Saturday, August 13, 2011

Aldwych, aftermath of a V1 attack, World War Two

This photo as always intrigued me. My grandmother used to keep it flat in an envelope tucked inside a book on gardening, and for may years it stayed there hidden away on a shelf. After seeing the project 'The Consequences of Vegance' by the photographer Chris Floyd, and my friend Andrew Youngson's recent project 'Soldbuch', I was inspired to dig out the photo and have a proper look. Both projects delve into personal histories of the photographers and their families, relating to the war and events that have shaped them, whilst revisiting the ground where the events took place. I started to realise that the picture showed a moment in time when my own very existence itself had hung in the balance. My grandma had been working in a building on Aldwych when the V1 rocket struck.

The V1 or to give it its full name the Vergeltungswaffe 1, which translates as 'retaliation weapon', was often referred to in the UK by it's much less threatening nickname, the 'doodlebug'. It was simple, yet deadly; the rocket would run until its fuel ran out and then the engine noise would stop and the bomb would fall. My grandma distinctly remembers hearing the rocket overhead, the buzzing, whining engine and then the deathly anticipation when the engines cut and everyone held their breadth knowing that it was on it's way down. That warning gave her enough time to shelter under a table before the explosion ripped through the building, blowing out windows and sending masonry, glass and debris in every direction. At the time 46 people were reported to have died, but the area was sealed of for a numbers of days, probably in part due to the sensitive ministries and departments caught up in the attack, including the air ministry, the figure of 200 dead is now seen as more realistic.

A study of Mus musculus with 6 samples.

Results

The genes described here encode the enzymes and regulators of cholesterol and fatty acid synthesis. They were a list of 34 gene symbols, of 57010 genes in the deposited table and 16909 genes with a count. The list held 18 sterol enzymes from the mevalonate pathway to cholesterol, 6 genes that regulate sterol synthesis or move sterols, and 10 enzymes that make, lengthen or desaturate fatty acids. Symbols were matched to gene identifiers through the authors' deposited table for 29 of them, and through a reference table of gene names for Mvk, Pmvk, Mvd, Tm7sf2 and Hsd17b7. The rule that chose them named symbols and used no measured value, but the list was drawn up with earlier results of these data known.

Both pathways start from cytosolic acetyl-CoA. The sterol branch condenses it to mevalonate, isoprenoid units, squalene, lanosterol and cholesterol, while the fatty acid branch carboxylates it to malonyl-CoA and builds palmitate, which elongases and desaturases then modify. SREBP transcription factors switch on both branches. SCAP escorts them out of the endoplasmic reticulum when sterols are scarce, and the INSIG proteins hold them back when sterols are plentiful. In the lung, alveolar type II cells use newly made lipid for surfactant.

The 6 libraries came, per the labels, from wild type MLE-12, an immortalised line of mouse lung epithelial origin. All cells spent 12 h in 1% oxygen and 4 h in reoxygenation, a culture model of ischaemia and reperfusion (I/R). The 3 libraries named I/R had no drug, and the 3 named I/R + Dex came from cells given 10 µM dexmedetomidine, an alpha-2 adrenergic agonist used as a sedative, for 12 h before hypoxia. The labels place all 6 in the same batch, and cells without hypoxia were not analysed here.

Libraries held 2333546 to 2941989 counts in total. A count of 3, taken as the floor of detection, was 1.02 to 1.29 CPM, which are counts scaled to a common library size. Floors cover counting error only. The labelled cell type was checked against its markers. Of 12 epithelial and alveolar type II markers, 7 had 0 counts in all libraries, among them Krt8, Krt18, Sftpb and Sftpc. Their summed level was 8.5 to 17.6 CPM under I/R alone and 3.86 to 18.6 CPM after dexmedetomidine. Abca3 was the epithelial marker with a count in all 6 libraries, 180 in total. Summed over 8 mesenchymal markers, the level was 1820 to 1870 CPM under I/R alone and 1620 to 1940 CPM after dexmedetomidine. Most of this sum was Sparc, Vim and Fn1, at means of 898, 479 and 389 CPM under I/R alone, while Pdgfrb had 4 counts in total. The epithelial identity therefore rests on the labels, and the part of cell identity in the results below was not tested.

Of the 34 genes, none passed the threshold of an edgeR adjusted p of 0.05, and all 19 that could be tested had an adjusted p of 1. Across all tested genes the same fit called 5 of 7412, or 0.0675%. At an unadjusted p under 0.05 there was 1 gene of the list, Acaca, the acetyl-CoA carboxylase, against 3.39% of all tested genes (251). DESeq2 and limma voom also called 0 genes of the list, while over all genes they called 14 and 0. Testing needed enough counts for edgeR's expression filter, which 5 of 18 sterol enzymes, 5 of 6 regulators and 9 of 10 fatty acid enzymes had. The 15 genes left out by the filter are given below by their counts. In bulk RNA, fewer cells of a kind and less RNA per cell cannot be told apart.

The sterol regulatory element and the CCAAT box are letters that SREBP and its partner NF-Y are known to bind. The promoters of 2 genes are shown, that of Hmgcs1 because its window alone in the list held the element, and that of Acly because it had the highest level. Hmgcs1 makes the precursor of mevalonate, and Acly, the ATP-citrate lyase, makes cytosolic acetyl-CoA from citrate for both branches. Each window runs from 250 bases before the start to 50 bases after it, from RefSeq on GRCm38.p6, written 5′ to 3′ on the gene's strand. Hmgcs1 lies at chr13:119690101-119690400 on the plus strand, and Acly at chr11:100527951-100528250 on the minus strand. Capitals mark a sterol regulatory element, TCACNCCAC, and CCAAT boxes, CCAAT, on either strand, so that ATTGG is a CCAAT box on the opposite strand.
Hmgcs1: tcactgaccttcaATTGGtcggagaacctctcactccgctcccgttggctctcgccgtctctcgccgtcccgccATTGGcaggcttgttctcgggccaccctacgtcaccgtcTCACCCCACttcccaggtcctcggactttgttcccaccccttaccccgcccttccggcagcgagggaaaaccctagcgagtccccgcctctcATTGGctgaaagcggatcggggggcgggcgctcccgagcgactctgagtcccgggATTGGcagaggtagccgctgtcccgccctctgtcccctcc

A photo of the attack moments after the bomb struck, taken from the direction of Fleet Street

For a number of years whilst studying at the University of Kings College London I walked past the same spot where this bomb struck without ever realising it, nor understanding the significance of that day, and how it could have turned out so very differently.

I find the picture itself fascinating and I was reminded of it recently when seeing the riot footage on the television and in the newspapers. There's something about seeing the very heart of urban life so heavily disrupted and thrown out of joint - it makes you realise the fragile nature of society we live in and how quickly and easily things can be turned on their head. It's a picture that seems to hold a thousand different stories. Below are some details from the image.


Richard Baker said...

Very interesting perspective. There's so many places that have a significance in the lives of our own families that simply pass us by - especially if those who survived the war have taken their memories away with them. I blogged on the New Cross Woolworth's V1 that claimed the most lives in a single bomb during the war and I'd be pleased it you gave it a read. Thanks:

Anonymous said...

My Father was in the Aldwych, working as a telegram boy for Cable & Wireless when the rocket struck. He was blown along the pavement and covered in dust, but was otherwise unhurt. He was very lucky. Back at the office he was given a strong sweet tea and sent back out to finish his deliveries; no counselling in those days.

John Rogers said...

My aunt Nancy was less fortunate. She had been to the LSE to collect her degree certificate, and was on her way home when she was caught in the blast. Just a few minutes earlier, or later, and she would have been unharmed. She was killed instantly, and it was several days before her family in Portsmouth discovered what had happened. It's still possible to see marks on the walls where the shrapnel dug out chunks of stone, but otherwise there is no hint of the tragedy that took place there.